Contracts For Cakes That You Are Not Selling?

Decorating By emiyeric Updated 14 Jul 2010 , 1:45am by kansaslaura

emiyeric Posted 14 Jul 2010 , 1:30am
post #1 of 2

I am a hobby baker, and all of the cakes in my gallery have been for my kids or my friends, as gifts or for fun. A friend of mine is having a small wedding ... literally, a small ceremony, since her dad recently passed away and she is not going to have a large reception. She asked if I would make her the cake, and though I would not sell it to her (I am not licensed and am not doing this as a business), I thought of giving it to her for her wedding.
So my question, silly as it may be, is the following: If I am to make her a wedding cake as a gift, which would be small enough (she'll only have family and a circle of friends, for sure under 50 people), would there still be value in establishing a contract? Not for payment, obviously; but maybe a written agreement that details servings, decoration, flavors and such? Just trying to figure the best way to protect myself and my friendship from one of those absent-minded bridezilla-esque moments that my dear friend (much as I love her) may still be prone to have. Or would I be going way overnoard and sounding tactless and callous by suggesting it?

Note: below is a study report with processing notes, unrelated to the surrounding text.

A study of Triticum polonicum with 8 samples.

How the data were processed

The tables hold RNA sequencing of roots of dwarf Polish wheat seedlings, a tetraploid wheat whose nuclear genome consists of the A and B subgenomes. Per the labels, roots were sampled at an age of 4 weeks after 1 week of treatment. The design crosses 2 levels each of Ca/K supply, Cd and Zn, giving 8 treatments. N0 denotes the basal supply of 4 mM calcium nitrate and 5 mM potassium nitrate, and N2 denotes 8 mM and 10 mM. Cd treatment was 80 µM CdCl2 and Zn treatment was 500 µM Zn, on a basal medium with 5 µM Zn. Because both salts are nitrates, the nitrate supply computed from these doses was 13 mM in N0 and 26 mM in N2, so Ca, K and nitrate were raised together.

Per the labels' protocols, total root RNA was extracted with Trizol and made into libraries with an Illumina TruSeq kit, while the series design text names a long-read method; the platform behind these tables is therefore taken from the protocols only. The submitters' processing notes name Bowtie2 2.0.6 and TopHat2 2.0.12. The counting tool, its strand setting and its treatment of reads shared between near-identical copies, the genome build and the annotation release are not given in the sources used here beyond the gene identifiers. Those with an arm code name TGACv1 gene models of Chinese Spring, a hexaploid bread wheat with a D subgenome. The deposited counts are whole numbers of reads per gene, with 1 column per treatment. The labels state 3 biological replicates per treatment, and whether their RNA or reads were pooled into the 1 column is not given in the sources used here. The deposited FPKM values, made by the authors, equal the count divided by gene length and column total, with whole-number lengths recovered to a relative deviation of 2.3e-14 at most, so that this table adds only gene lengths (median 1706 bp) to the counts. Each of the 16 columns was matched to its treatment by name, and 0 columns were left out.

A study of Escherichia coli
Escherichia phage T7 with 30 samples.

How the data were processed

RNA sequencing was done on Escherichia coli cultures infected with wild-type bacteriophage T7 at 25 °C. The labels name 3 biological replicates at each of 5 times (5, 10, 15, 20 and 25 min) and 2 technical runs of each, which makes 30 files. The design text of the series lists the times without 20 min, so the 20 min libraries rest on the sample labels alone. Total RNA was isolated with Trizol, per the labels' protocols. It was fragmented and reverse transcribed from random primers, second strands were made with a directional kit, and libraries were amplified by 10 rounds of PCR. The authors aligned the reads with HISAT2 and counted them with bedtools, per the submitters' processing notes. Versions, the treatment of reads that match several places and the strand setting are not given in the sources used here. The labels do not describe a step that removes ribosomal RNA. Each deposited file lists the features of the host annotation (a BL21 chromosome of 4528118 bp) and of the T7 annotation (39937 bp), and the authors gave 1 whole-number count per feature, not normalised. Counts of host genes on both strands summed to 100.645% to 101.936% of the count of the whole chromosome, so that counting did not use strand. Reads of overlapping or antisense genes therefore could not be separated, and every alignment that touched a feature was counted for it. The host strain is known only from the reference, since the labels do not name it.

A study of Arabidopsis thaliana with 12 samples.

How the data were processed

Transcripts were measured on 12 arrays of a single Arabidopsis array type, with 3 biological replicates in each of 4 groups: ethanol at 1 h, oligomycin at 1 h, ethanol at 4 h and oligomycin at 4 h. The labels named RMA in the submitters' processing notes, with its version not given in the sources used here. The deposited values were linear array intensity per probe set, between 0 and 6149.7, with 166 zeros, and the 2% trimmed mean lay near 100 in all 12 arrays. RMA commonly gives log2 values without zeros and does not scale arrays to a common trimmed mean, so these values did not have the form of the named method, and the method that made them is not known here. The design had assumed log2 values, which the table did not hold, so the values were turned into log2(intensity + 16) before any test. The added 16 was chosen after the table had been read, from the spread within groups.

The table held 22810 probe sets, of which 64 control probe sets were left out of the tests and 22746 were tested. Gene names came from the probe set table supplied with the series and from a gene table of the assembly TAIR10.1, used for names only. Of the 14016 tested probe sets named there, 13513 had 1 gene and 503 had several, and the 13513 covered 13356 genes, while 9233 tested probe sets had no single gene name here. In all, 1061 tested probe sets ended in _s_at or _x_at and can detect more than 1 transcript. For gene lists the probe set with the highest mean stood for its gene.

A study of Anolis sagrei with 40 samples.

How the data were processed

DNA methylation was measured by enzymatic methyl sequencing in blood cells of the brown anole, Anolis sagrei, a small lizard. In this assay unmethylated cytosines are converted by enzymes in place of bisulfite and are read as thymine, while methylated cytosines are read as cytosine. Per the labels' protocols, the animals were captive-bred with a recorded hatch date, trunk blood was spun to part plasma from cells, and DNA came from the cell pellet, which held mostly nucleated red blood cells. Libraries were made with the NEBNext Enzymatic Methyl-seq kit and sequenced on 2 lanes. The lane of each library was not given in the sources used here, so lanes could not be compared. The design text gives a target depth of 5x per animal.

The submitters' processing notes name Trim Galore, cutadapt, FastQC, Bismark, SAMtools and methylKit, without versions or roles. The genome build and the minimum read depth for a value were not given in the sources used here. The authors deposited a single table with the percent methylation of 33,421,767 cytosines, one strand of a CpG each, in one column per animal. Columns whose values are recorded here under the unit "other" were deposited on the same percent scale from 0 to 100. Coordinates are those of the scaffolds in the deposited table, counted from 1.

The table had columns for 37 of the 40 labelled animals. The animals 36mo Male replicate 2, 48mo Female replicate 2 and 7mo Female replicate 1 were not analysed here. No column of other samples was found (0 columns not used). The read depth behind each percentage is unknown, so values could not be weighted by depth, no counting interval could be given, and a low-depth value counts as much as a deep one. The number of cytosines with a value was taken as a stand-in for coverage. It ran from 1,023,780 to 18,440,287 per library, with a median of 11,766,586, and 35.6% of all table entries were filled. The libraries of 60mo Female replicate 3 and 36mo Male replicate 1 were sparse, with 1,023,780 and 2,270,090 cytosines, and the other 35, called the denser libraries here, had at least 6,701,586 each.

By the way, this will be held at her mother's house, so there is no issue with the venue not allowing home-baked cakes or anything along those lines. Thanks for any insight!

1 reply
kansaslaura Posted 14 Jul 2010 , 1:45am
post #2 of 2

I really don't see a need for a contract, but that's me. I'd sit down with her with a notebook and get all the details--and maybe just have her inital everything as she agrees it's what she wants.

A contract is to protect us legally and since you're not exchanging money, and this is a gift I don't think there is anything to protect either party from.